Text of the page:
There could be efforts soon to lobby for support to protect the Caricom Market as strategic attempts are being made to protect the sugar industry once again. These lobbying efforts would be taken to the region’s two main markets European Union and the United States.
A review of the sugar industry done in May this year at the 5th meeting of CARCIOM Sugar Stakeholders has made recommendations along those lines, and these recommendations were presented to Ministers of Agriculture at the Council for Trade and Economic Development meeting in Suriname. A source told Insight that the recommendations were made earlier today when the review was presented to the Ministers meeting in for Caribbean Week of Agriculture.
Caricom’s Officer in Charge of Trade and Economics Desiree Field- Ridley told the media in Suriname earlier this week that the review was going to be presented since the sugar industry is an important one and the issues facing it were urgent. On Friday evening, at a press conference she explained that low production and future of sugar were prominent issues.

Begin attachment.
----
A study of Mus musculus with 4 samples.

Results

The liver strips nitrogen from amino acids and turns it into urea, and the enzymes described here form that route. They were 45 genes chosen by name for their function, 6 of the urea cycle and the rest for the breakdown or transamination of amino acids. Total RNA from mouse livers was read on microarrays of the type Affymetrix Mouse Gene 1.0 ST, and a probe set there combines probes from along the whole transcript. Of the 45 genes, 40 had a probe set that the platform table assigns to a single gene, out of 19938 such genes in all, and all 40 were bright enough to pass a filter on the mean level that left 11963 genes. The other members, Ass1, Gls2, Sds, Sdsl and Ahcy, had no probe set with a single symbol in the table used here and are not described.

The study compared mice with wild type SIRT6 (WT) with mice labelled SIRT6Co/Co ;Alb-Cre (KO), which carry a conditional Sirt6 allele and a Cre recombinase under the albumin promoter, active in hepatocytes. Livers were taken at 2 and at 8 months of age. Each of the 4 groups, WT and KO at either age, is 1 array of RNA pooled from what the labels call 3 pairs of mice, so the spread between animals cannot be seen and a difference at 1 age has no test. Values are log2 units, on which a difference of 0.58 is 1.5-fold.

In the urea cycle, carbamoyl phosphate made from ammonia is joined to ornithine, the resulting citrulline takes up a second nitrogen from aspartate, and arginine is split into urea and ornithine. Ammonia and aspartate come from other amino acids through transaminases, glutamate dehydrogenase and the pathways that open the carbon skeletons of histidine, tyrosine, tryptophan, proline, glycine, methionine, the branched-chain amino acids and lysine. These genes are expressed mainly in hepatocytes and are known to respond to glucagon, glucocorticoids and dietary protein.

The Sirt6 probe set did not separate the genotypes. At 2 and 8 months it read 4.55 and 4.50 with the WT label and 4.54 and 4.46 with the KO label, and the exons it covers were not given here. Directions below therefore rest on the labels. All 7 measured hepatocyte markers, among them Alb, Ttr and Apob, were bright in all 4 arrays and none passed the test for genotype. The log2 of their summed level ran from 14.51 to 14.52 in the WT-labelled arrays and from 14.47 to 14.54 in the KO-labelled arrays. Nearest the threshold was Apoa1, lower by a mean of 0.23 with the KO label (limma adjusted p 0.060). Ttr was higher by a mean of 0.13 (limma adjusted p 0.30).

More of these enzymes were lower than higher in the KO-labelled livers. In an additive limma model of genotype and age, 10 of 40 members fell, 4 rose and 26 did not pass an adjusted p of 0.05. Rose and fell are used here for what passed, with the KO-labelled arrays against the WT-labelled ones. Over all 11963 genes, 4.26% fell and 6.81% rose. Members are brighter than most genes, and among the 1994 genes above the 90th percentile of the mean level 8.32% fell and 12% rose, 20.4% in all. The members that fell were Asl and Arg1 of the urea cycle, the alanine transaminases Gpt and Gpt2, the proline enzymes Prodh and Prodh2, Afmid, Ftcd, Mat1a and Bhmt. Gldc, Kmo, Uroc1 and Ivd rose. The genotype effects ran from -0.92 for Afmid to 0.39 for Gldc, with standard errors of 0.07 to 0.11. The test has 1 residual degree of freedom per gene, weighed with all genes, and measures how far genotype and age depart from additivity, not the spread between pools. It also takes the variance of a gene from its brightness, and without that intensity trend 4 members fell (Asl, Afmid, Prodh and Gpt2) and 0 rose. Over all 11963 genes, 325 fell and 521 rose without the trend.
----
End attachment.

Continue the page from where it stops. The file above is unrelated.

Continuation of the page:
“We recognised that our external markets are still important to us and therefore a deliberate approach needs to be made, for example the US, in terms of that market and in terms of seeking to have the shortfall from one country being able to be used by other countries that have individual quotas” She said.
Field-Ridley said too ways to make sugar as a raw and refined product will be examined.
“It is work in progress, it means that the technical people have got to get together to identify what are the possible alternatives for the use of sugar cane.”
A source told Insight that the report which provided country reports on sugar production pointed out that large investors in the Jamaica’s privatised sugar industry were not doing as well as the small investors. In fact, the source explained that Chinese investors closed one of the factories and were looking into building a refinery.
In an earlier interview this week with Insight, Derrick Kellier, Jamaica’s Acting Agriculture Minister said that there were improvements.
“We have brought in a lot of private sector involvement in sugar in Jamaica and clearly with the level of investment capital that they have been putting into the industry we are seeing signs of improvement and we expect that the production levels will increase over the coming years.”
Guyana’s story is not the same, as the industry is stuck in getting a key transformation project running to full capacity, the Skeldon Sugar Factory, though operational, continues to perform disappointingly. Guyana, however, is said to have pointed out in this sugar review that attention continues to be given to mechanisation and co-generation of electricity with its sights set on the production of bio-ethonol. Guyana which has the largest nationally run sugar industry has seen a decline in sugar production in the last three years.